When to allow in pasture?

Discussion in 'Goat Management' started by Blessed Boer's, Jan 18, 2021.

  1. Blessed Boer's

    Blessed Boer's Active Member

    83
    Nov 7, 2019
    Shawnee, Oklahoma
    I have 10 does and 8 are bred. At night I lock them in an area about 1/2 acre with a barn. During the day I open a gate the the pasture and they spend most of the day out in the pasture. I have my first doe due 2/5, then another 2 weeks later, then the rest are due about 2 weeks later within a weeks span.
    My question is, should I make them all stay in the smaller area or still let them in the pasture? I’m worried about the first 2 due wanting to be with the herd and trying to take the babies in the pasture. Is this even a problem? Will mom automatically stay in the smaller area?
    Hope this makes sense.
    Thanks
     
  2. Moers kiko boars

    Moers kiko boars Well-Known Member

    Apr 22, 2018
    Oklahoma
    Hey..I understand. My new moms & kidds stay in the smaller paddock for the 1st week. That gives the little ones time to get their coordination and strength to keep up with Mom. Also gives Mom time to heal up and I can make sure everybody is healthy . But I always turn my new Moms out with other New Moms. They do much better in groups.
     

    SalteyLove Well-Known Member

    Jun 18, 2011
    New England
    They won't necessarily choose the small pen, they may choose a spot they feel is appropriate is the large pasture. How many acres is it? Technically from a sanitary aspect, the pasture is less "contaminated" with feces etc. (Not saying you have dirty pens!) But if there are lots of places for them to hide babies or you may not be able to monitor them in the pasture, I would keep them in the small lot on hay.

    I've had some does stay behind in the barn to birth while others were on pasture and others not. It also depends on pecking order, some dominant does will demand other does clear the barn for their birthing, while some low ranking does have been forced to move mid-delivery.

    Typically I let them choose anywhere they want during the day to deliver and move mom & newborns to a small pen after everyone is dry & feeding. I keep them in the small pen a few days until kids are good on their feet then release back to the herd.

    The does in pens may be distraught when the rest of the herd goes out to pasture so I'll keep them in depending. Also some does know to tuck away sleeping kids in the barn and go out to pasture, while others try to call them along.
     
  4. Blessed Boer's

    Blessed Boer's Active Member

    83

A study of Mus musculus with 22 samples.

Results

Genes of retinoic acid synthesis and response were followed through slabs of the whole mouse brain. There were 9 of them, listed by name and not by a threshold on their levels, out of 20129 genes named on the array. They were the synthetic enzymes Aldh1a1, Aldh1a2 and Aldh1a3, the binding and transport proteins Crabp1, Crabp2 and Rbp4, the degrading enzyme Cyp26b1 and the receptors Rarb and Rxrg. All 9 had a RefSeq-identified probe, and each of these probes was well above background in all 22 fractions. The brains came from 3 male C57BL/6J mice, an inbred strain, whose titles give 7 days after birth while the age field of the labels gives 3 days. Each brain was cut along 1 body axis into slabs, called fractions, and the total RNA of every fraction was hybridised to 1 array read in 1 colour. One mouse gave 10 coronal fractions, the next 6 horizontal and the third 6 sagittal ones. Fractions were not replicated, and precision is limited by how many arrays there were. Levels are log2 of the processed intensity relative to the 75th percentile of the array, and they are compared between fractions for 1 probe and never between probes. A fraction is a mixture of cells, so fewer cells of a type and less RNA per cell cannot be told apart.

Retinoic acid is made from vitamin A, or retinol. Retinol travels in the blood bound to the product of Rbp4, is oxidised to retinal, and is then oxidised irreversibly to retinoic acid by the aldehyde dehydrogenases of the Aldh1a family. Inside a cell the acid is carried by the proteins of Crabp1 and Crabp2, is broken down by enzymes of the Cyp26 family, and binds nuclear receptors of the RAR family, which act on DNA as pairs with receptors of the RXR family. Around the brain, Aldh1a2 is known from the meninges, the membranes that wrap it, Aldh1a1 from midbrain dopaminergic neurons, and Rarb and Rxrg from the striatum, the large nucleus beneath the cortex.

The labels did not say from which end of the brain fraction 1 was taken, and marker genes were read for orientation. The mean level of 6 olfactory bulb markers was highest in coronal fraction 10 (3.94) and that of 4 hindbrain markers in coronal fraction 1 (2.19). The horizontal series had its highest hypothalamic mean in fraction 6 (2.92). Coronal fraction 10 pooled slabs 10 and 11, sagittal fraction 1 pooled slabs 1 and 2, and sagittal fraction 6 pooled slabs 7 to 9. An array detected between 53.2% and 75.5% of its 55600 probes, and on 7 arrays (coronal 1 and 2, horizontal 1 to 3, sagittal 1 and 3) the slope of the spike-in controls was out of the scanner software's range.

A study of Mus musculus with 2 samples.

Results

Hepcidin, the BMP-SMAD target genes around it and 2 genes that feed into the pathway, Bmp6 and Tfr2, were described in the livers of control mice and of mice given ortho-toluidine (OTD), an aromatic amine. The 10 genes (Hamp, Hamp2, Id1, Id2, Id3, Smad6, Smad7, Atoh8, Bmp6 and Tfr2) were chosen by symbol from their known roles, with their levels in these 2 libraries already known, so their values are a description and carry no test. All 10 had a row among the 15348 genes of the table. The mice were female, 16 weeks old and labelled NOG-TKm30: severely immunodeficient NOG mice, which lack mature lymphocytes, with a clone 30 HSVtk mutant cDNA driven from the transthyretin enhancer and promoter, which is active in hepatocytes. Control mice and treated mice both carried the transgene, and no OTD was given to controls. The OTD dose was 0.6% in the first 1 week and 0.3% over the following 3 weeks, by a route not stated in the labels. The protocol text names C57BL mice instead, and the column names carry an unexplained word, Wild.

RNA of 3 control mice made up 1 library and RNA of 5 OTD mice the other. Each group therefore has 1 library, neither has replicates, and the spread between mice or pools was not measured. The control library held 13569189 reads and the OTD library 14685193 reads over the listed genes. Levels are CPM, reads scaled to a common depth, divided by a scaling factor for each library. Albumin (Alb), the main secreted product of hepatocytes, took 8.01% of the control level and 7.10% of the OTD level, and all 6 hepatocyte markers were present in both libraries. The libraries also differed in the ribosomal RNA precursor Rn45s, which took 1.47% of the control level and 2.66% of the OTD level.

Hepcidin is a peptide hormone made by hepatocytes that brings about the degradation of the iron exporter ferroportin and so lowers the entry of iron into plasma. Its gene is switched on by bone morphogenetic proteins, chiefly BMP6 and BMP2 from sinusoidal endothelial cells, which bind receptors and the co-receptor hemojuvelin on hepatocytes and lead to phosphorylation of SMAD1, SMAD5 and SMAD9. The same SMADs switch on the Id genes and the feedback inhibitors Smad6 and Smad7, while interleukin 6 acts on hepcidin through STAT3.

Nov 7, 2019
    Shawnee, Oklahoma
    The first suggestion is the way I would prefer but I also want to make sure the ones still carrying are getting exercise.
    We have 7 acres with lots of places to hide babies. Lol
    I do plan on moving mommas into stalls when they are close, if it works as I plan but I was only thinking to keep them in the stall with babies for 24 hours. Maybe I should rethink that.
    Thanks so much for the feedback!
     
  5. Blessed Boer's

    Blessed Boer's Active Member

    83
    Nov 7, 2019
    Shawnee, Oklahoma
    Thank you! I know when all the babies are here it will be easier. As far as that decision goes lol
     
  6. JML Farms

    JML Farms Well-Known Member

    210
    Dec 31, 2020
    Booger County Texas
    Ours typically run with the herd until they give birth. It’s been my experience separating a herd animal from the herd causes undue stress unless u can provide her with a companion. We separate the new moms and babies in a small pen or barn stall so we can monitor and give a little extra love to for a week or so then release them back into the herd.
     

    littleheathens Active Member

    173
    Apr 27, 2019
    south central WI
    We let our sheep lamb on pasture but I'd be hesitant to do that with my goats. Our sheep almost always lamb near a wall or building. We handle the dairy babies differently and more. We have a first freshener kidding today and we've been bringing her down to a pen at night and putting her back in with goats during the day for about the last 10 days (we thought she'd have kidded late last week but weren't sure). Nobody seems stressed by it after day 2 or so, and it gives us a chance to train her to lead, get on the milk stand, eat a little extra, etc.